I had myself a bawl

I’ve often been publicly sceptical about some of the claims of genetic genealogy. “Ethnicity estimates”, in particular, seem to me about as scientific as the old apartheid test that marked a child as “nie blanke”. Does a pencil fall through their (straight European) hair or catch in their (kinky non-European) hair? University College London’s Department of Bio-sciences calls this stuff “Genetic Astrology“.

So I settled down to watch the BBC’s “DNA Family Secrets” with beady eye and curled lip at the ready. And ended up in floods of tears.

There’s nothing innovative about the format or the production: each show takes three individuals or families who want to use DNA testing to answer a particular question, usually to clarify a missing family member. The questions are teased out, the telegenic scientist tells them how hard it’s going to be, they come back to find out the results and have their big reveal. Very little technical detail is included, but occasional glimpses do emerge of the vast amount of research done.

For example, one Liverpool man with no idea of his father’s identity discovers he’s alive, in Ireland, with a fleet of children all delighted to discover the link.

The telegenic scientist, Dr. Turi King

But confirming that link needed a huge amount of work: first identifying a fourth cousin in the US via DNA; then locating the common ancestral family in nineteenth-century Ireland through documentary research; then working forward to uncover a range of possible living descendants/relatives; then persuading some of them to take their own DNA tests. The research work probably took more than a year, but only the end results are shown, taking about five minutes airtime. The BBC have deep pockets, and they use them well.

With the mystery solved and the new family revealed, though, the effect is extraordinary, and wonderfully touching. On every table between presenter and individual sits a large and necessary box of tissues. Deep pockets, used well.

Two general points in the end, I think.

First, DNA research can be astonishingly powerful. With work and care, it can fill in seemingly impossible gaps in family knowledge.  But the same power can also throw up unexpected (non-televised) results that might easily damage existing families. So use with caution.

And second, the emotional impact of seeing fractured families heal is enormous, and makes terrific TV. Either that or I’m a big crybaby.

Online estate maps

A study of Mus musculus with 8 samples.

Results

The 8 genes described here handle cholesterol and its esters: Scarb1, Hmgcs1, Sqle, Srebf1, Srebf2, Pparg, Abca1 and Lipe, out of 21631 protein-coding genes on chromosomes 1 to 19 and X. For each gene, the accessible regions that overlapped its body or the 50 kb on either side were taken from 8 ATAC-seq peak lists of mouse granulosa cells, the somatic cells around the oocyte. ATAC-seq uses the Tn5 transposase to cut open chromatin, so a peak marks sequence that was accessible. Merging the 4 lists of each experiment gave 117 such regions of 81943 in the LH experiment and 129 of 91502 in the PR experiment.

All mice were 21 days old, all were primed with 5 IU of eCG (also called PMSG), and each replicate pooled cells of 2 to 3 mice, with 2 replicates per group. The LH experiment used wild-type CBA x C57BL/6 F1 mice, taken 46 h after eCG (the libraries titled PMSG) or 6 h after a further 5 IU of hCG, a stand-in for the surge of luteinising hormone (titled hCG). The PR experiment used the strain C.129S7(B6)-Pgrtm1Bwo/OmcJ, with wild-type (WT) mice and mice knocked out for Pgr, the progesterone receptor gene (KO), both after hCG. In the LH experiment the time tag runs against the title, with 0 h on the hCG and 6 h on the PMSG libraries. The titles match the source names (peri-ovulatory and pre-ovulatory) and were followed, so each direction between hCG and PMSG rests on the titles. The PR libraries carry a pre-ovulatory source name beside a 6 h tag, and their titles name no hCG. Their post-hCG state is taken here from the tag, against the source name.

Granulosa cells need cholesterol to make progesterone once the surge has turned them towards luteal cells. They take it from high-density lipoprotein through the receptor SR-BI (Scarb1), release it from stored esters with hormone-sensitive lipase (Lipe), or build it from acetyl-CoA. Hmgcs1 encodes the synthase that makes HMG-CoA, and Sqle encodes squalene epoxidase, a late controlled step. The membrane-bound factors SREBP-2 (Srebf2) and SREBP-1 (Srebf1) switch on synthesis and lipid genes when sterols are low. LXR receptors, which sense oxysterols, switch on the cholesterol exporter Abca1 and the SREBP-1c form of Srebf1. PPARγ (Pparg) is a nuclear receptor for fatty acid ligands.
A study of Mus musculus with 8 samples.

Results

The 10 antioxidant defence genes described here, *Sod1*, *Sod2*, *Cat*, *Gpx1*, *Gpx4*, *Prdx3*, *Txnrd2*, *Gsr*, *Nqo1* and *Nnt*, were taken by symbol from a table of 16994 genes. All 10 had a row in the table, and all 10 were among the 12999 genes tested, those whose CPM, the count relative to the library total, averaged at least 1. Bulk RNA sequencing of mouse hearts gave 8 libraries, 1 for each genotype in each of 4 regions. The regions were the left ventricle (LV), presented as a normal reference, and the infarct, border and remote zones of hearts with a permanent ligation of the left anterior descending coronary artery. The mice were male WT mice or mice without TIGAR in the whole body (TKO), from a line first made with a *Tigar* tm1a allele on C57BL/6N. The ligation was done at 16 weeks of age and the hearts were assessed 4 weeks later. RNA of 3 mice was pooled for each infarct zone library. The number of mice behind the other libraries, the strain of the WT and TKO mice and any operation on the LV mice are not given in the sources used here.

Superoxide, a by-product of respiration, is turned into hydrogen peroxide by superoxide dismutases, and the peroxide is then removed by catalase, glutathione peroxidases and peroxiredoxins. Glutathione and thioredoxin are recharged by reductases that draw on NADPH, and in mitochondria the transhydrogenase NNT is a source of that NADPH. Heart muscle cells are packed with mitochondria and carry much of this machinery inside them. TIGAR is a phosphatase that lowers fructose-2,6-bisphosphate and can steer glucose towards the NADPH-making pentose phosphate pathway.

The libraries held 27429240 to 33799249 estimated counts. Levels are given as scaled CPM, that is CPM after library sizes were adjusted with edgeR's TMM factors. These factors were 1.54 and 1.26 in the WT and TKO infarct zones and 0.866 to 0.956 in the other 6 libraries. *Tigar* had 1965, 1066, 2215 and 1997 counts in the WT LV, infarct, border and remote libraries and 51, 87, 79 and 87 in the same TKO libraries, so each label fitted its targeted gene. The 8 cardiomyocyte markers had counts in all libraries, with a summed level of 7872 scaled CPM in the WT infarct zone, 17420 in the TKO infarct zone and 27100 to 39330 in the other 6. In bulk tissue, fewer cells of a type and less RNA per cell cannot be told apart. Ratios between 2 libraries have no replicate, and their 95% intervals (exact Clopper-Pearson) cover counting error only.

A few weeks back, someone (Hi Donna) contacted me to tell me about some wonderful estate maps they’d found online. Here they are, and if your ancestors were from Kildrumsherdan in Cavan, congratulations.

And then I started thinking about where online the records are. The National Library of Ireland web catalogue has always been more than just an online finding aid for NLI holdings. It includes almost 70,000 historic Irish photographs, lots of weird and wonderful eye-candy and of course my pets, the Betham prerogative will abstracts.

Weird and wonderful eye-candy

But I’d always thought of the digital parts of the catalogue as fautes-de-mieux, visually interesting bits and pieces shoehorned online via the catalogue for want of a better alternative. No no no.

It’s now  a major route for NLI digitisation, with a huge selection of manuscripts and images, as well as a  plethora of criteria to play with. You can slice and dice by era, topic, format, author, region … And suddenly  it’s 5 am.

Still weird, less wonderful

The real question, at least for genealogists,  is how items are chosen for digitisation (and why more estate rent rolls and tenants’ lists aren’t there). NLI’s need to  play its part in historic commemorations is one clear criterion. For the decade of the revolution that created the Irish state, there is a magnificent online manuscript collection,  a trove of letters, trial records, posters, handbills, even an envelope containing “One of the bullets that killed one of the leaders in the Sinn Fein Rebellion, Ireland 1916”.

The envelope, and the bullet

As far as I can make out (by educated guesswork), the main other criterion for digitisation and inclusion in the catalogue is that an item is in need of conservation. This is how the Betham collection got online, and why only the half that needed conservation is there.

Maps are the single class of manuscript most liable to damage by handling, thus earmarked for conserving, thus finding their way online. So a digital search for “estate” in the catalogue returns almost 60% maps.  And what maps.  Tenants with acreages, boundaries, records of disputes, rents due … Add a county name to the search and see what pops up. There are wonderful records here, for periods when nothing else survives.

And some oddities:

Near this lies buried one of the Kings of Leinster who was killed by the son of Bryan Boru King of Munster (Parish of Castletownarra).

It’s hard to argue that the most vulnerable manuscripts shouldn’t be first in the queue for digitising. But the few rentals that have made it online (by being bound with maps) give a tantalising glimpse of what could be. What will be.

A hands-on video of me playing with the catalogue and happy as a pig in the proverbial is here.